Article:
On 17 January 2019, I went through RFA for 2 tumors. The doctor could not see the third one with ultrasound so she could not RFA it. She mentioned that she may have to do TACE with CT Scan later on. There was a slight complication as there was bleeding and I have to be in HDU for monitoring. I have to stay another day.
Thank you Lord Jesus. Thank you for the doctors and nurses who have carried out the 2 RFAs. Thank you for my family, relatives and friends who have prayed for the tumor procedure.
In the last 20 months, I had 5 new liver cancer occurrences. I also had problems with constipation, colon, chest, chronic cough, dental tooth and gum. I went through an intense and prolonged period of suffering. Life seemed to be at a standstill because I had to see the various doctors practically every 10-14 days and the total wait, payment, medical tests and medicines took some 2 to 3 hours plus every time. It was the waiting that caused the most stress and anxiety.
It is easy to fall into the automatic reaction. Since I saw the Interventional Radiologist on 18 December 2018, I noticed that I was having palpitation of my stomach every so often. Intuitively, I must have been anxious and stressed. I could not help myself as this is a normal human reaction. What is most unique to me is also most common and universal.
I just found out from the internet that the liver size is from 12 to 14 cm. I was told that for a 1.0 cm tumor, the Interventional Radiologist need to burn about 3.0 cm around the tumor to ensure that all the cancer cells are killed. My liver is small and compromised with so many procedures done. For the latest TACE procedure for Segments 2 and 8, the liver has not fully grown yet. Thus, to carry out 3 RFAs at the same time means that 9 cm of my liver has to be burnt. It is thus a challenge to ensure that my liver still function properly after the 3RFAs. In a way, I cannot say that I was sad that only 2 tumors were done. God has His mysterious ways to help me cope with my small liver!!!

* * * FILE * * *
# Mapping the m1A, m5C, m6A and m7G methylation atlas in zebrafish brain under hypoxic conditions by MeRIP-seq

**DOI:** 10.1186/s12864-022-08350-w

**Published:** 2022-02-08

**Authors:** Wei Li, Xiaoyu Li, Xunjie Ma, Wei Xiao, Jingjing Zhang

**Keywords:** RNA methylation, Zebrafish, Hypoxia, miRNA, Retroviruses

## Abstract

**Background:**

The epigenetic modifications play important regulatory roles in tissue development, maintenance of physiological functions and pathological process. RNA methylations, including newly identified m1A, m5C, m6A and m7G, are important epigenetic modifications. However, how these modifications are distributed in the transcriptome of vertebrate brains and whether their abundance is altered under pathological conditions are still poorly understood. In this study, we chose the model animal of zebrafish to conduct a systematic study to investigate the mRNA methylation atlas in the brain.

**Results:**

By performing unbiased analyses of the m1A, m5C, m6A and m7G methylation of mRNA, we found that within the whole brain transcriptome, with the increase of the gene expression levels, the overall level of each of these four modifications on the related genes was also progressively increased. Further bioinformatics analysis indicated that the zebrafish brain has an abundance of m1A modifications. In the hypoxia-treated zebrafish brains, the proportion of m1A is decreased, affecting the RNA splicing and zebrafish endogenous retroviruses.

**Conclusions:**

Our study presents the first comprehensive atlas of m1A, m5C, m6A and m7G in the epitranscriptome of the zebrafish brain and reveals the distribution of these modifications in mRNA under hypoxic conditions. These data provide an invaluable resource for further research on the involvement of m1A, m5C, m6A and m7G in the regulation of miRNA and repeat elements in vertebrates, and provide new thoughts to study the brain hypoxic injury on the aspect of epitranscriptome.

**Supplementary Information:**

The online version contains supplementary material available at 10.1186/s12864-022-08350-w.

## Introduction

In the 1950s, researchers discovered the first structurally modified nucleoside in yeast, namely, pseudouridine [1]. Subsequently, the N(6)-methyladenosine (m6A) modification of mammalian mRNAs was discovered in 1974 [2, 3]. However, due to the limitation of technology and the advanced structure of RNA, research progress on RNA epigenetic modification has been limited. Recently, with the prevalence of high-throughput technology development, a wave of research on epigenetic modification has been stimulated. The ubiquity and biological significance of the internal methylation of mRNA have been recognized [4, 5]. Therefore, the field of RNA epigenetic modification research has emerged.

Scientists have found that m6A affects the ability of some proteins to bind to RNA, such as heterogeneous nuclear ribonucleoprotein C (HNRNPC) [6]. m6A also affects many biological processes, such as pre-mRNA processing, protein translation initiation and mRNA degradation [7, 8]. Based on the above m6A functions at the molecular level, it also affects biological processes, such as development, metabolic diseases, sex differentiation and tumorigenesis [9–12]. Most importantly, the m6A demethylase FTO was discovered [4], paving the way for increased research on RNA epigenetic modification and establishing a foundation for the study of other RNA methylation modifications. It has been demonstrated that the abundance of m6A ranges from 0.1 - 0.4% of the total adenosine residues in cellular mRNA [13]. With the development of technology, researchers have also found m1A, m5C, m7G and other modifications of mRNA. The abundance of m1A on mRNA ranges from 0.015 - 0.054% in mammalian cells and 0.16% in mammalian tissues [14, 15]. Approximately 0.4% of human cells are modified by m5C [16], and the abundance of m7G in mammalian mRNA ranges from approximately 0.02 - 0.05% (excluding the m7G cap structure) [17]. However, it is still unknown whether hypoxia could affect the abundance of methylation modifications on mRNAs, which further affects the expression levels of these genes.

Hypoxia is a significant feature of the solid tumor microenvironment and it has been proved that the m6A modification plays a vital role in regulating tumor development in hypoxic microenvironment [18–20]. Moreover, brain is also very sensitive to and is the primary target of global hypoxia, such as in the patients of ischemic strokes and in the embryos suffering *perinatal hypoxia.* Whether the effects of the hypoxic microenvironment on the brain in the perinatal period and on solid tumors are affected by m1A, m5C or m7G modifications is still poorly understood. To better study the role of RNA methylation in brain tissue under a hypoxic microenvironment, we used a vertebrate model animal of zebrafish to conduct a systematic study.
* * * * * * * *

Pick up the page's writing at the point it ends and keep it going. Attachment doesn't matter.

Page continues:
Every one has to find a solution to his normal negative feelings in order to be positive about his suffering. If he can adopt a positive attitude or accept his circumstances---that is the best for him.
But, for me I am weak and I have to depend on my Lord, Jesus Christ to support me in order that I have the courage, strength and hope to continue to fight on. I choose to respond by going to Jesus daily and in the process I find that the emotions in my heart are being slowly transformed. From God’s perspective, the healing in my heart is in its purification to becoming more loving and forgiving. This is far more important to Him than mere physical healing. But for the loving to grow, I must forgive first. I just got this into my head!!!
See how Fr Ronald Rolheiser explained it:
“. . . in Gethsemane, we see Jesus prostrate, humanly devastated, on the ground, struggling mightily to cling to a cord of sustenance that had always sustained Him in trust, love, and forgiveness and had kept paranoia, hatred, and despair at bay. And the answer doesn't come easy for Him. He has to pray repeatedly and, in Luke's words, "sweat blood" before He can regain His balance and root Himself again in that grace that sustained Him throughout His ministry. Love and forgiveness are not easy.
“And that's our ultimate moral struggle: to not give in to our natural reaction whenever we are not respected or when slighted, ignored, misunderstood, hated or in small or large ways victimised. In the face of these, paranoia automatically takes over and almost everything inside us conspires to create an obsessive pressure towards giving back in kind, slight for slight, disrespect for disrespect, ugliness for ugliness, hatred for hatred, violence for violence.
“Jesus' passion is not a physical drama but a moral one, indeed the ultimate moral drama. The real struggle for Jesus as He sweated blood in Gethsemane was not whether He would allow Himself to die or invoke divine power and escape. The question was only about how He was going to die: In bitterness or love? In hatred or forgiveness?
That's also our ultimate moral struggle, one which won't just confront us at the moment of death but one which confronts us daily, hourly. In every situation in our lives, small or large, where we are unfairly ignored, slighted, insulted, hated or victimised [or suffer] in any way, we face a choice of how to respond: Bitterness or understanding. Hatred or love. Vengeance or forgiveness.” [CatholicNews--- Sunday January 20, 2019]
Written on 18 January 2019 while still in the hospital.